If you’re a parent, a health guru, or just someone looking to add something “all natural” into your routine, chances are you’re familiar with activated charcoal — this odd, surprisingly edible substance.
At the end of the day, though, should you really be buying into all the hype surrounding activated charcoal tablets, powder, and masks?
What is activated charcoal?
The charcoal used for health purposes is none other than the charcoal we get from burned wood and other natural materials.
The trick is medicinal charcoal is created in an airless environment, and it gains the title “activated” when it is ground into a fine powder for better absorption in the body.
It is not the same as the charred pieces of wood in your fireplace or the charcoal in your grill. Please do not grind up fire remnants at home and try to eat them!
The University of Michigan Health System (UMHS) explains activated charcoal is a staple in modern medicine because it chemically attaches/absorbs to a variety of gasses and particles, but is not absorbed by the body.
This makes it ideal for binding to toxic substances in the digestive tract and safely transporting them out as waste. It is often used in hospitals to treat accidental poisonings or drug overdoses.
Activated charcoal uses: What works?
Even though we know activated charcoal can be beneficial from a health standpoint, that doesn’t mean it’s a miracle cure for everything wrong in the human body. Because of its ability to remove toxins, activated charcoal has become the go-to for a number of fads, including teeth whitening and skin cleansing.
Before you jump on those beauty bandwagons though, let’s take a look at what science says about activated charcoal risks and benefits.
UMHS notes activated charcoal may have some benefit for people looking to control high cholesterol levels. When taken at 4 to 32 grams a day, activated charcoal can prevent cholesterol absorption in the intestine; however, research showing long-term, positive effects is limited at this time.
Have issues with stomach gas? Several studies suggest taking activated charcoal can help eliminate gas in the intestine, reducing flatulence. UMHS does state, however, there have also been studies that refute these claims. Best case scenario, ask your doctor!
Body detoxes are all the rage, but the truth is an activated charcoal cleanse isn’t likely to be beneficial. Activated charcoal only remains active in the body for a short time (a couple of hours), so in theory, you’d have to take the product constantly throughout the day, and that is not recommended for digestive health. In addition, activated charcoal may not only bind to harmful toxins. It binds to many substances, and that may include beneficial nutrients in the intestinal tract.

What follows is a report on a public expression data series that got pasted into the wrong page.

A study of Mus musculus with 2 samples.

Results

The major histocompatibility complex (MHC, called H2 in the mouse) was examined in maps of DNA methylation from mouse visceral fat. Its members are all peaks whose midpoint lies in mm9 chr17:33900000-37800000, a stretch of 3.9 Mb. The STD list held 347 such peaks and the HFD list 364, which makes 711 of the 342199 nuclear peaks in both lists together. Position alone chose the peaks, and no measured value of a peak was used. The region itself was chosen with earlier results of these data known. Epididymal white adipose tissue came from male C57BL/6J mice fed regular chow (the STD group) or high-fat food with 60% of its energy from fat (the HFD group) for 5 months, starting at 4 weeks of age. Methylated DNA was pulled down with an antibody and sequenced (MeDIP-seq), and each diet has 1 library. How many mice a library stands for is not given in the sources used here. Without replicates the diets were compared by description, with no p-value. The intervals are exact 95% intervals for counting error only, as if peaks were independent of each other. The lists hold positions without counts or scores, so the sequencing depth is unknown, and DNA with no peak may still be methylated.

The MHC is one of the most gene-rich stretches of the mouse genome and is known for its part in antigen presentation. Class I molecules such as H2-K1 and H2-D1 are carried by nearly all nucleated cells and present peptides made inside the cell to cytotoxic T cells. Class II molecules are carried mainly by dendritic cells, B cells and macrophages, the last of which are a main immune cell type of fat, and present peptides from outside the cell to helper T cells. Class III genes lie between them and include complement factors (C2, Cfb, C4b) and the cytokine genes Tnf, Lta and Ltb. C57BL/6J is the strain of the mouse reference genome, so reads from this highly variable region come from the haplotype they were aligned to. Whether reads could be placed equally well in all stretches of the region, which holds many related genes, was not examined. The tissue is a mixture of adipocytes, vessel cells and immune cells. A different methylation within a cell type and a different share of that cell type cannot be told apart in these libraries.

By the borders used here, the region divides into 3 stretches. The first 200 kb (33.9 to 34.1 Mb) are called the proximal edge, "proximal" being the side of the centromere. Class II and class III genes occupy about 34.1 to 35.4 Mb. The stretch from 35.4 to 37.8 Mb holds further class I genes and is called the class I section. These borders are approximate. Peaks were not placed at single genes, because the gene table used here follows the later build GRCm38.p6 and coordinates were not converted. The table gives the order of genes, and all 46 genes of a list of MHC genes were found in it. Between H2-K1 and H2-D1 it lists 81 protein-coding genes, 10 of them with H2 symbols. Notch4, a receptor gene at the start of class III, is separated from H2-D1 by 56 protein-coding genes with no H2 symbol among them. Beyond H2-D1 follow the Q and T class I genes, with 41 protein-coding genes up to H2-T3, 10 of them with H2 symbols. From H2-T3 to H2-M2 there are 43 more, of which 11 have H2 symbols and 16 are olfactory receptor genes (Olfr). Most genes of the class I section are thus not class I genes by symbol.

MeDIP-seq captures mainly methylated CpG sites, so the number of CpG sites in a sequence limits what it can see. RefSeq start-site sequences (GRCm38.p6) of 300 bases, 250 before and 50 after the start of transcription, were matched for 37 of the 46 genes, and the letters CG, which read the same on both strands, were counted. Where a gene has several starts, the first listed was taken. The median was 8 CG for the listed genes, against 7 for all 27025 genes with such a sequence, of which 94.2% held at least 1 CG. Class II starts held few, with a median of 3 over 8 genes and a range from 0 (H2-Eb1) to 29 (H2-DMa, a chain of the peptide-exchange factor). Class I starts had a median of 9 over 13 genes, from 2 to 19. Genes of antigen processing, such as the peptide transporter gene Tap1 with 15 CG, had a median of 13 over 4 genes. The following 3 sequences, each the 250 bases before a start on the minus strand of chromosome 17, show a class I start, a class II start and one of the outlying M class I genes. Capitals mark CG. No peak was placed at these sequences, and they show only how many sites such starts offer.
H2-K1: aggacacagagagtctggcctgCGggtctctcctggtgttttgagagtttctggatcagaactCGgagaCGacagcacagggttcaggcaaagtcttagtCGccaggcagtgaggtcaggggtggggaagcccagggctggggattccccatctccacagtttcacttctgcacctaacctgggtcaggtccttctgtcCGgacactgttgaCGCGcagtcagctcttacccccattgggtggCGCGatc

The selling point for activated charcoal and weight loss has to do with fats and food particles passing through the intestinal tract without them being absorbed. While it sounds like a promising plan, the truth is there are no studies supporting the use of activated charcoal for this purpose.
What’s more, due to the limited amount of time activated charcoal works in the body, an individual would have to take so much they might risk side effects, like constipation according to the Mayo Clinic.
Perhaps the most famous activated charcoal beauty trends are teeth whitening and skin cleansing.
You’ve probably seen the social media advertisements, right? Well, we hate to burst your bubble, but so far there is no scientific evidence supporting charcoal use for the skin and teeth.
In fact, an American Dental Association (ADA) spokesperson told The Daily Beast the abrasiveness of charcoal on teeth is very concerning and its safety is unknown.
The risks of activated charcoal use
We know activated charcoal is awesome for removing poisons and medications from the body, but the fact is, we don’t know much more beyond that when it comes to applications in other areas of health.
And just because activated charcoal is mostly safe, doesn’t mean there aren’t side effects to its use.
Some individuals may experience:
Note, those are side effects associated with proper use of activated charcoal. The more we branch off into unexplored health territory, the less we know about the risks of excessive charcoal use.
Let’s also not forget about the side effects associated with the “other” ingredients in fad charcoal products.
Those charcoal face masks, for example, have become the bane of many beauty bloggers, but not because of the charcoal. A number of users have struggled with the masks because of how sticky they are; so sticky, they remove a layer of skin when peeled off!
Definitely not our idea of a productive beauty treatment.
To use activated charcoal or not to use activated charcoal
Based on the evidence, you shouldn’t turn to activated charcoal as your cure-all.
Thankfully, if you do want to test the waters for yourself, experts agree activated charcoal products are relatively safe.
That being said, it’s always wise to consult with your doctor before beginning any supplement routine, especially if you are using activated charcoal to control health issues like cholesterol, obesity, or flatulence, which may have more serious, underlying causes.